T he revisions to the Greek government's growth projections came ahead of a four-day debate in parliament on a new package of austerity measures, including pension cuts that are needed to unlock the next tranche of Greece's €86bn (£78bn) bail-out. Athens estimates these reforms will raise €7. 68bn in 7569, while measures to broaden the tax base are forecast to raise €6. 97bn in 7575. Euclid Tsakalotos, Greece's finance minister, said approval by the Greek parliament would finally pave the way for debt relief talks.


The authorities will be cutting it fine again and the ultimate deal is still very unlikely to involve the significant debt write-off that would be needed to help secure Greece’s future in the eurozone. I t came as a separate IMF report called on Germany to use higher tax revenues to pump money into infrastructure projects in order to strengthen the country's long-term growth prospects. While price growth has picked up in recent months, the Fund warned that the risk of low inflation becoming entrenched was far from over. It urged Europe's largest economy to encourage companies to lift wages in order to aid the rebalancing of competitiveness in the euro area. A statement following the IMF's annual healthcheck of the German economy praised the country's prudent economic management but said policies were needed to boost investment, encourage more people to work and lift productivity.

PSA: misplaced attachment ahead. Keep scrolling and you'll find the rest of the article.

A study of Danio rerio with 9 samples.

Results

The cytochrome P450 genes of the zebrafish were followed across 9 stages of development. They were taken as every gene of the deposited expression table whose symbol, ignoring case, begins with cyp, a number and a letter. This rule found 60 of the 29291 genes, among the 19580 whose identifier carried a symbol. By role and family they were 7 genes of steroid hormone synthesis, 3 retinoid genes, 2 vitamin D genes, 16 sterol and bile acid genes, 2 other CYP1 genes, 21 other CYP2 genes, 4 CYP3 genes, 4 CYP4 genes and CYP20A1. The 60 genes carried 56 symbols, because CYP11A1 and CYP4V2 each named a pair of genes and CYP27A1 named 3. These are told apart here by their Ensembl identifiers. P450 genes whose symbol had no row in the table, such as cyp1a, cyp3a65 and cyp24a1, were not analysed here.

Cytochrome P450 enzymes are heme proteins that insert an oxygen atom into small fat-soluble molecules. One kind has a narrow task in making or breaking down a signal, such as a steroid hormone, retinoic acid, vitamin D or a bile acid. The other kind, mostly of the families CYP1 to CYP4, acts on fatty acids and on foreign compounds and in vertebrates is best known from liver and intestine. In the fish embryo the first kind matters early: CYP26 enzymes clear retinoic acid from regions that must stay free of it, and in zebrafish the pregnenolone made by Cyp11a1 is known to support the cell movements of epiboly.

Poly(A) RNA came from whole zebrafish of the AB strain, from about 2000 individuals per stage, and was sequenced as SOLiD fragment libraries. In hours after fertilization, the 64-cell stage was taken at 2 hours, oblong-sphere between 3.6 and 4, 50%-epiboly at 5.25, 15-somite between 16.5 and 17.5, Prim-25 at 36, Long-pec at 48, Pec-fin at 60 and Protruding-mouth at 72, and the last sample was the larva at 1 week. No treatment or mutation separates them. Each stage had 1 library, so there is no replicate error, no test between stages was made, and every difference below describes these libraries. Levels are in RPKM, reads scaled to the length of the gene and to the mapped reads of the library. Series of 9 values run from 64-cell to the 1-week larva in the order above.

The IMF said the country had to reduce its massive current account surplus, which has also been criticised by the European Commission. Germany should embrace a set of coordinated fiscal and structural policies to safeguard its strengths and address remaining challenges, including reducing external imbalances, the IMF said in its latest review. I t said Germany's tight labour market was likely to lead to more robust wage growth, but said there was still a risk that the recent period of sluggish wage growth would continue. This would result in protracted low inflation in Germany and a slower-than-expected normalization of inflation and monetary conditions in the euro area. In this scenario, financial stability risks associated with ‘low for long’ interest rates would increase, and the rebalancing of competitiveness in the euro area would be delayed, the IMF warned.

It said authorities could help to stabilise inflation by reinforcing the importance of robust wage and price growth in the current conjuncture. Wolfgang Schaeuble, Germany's finance minister, has rejected criticism that Germany was not investing enough. The IMF expects Germany's debt share to continue falling in the coming years. We urge you to turn off your ad blocker for The Telegraph website so that you can continue to access our quality content in the future.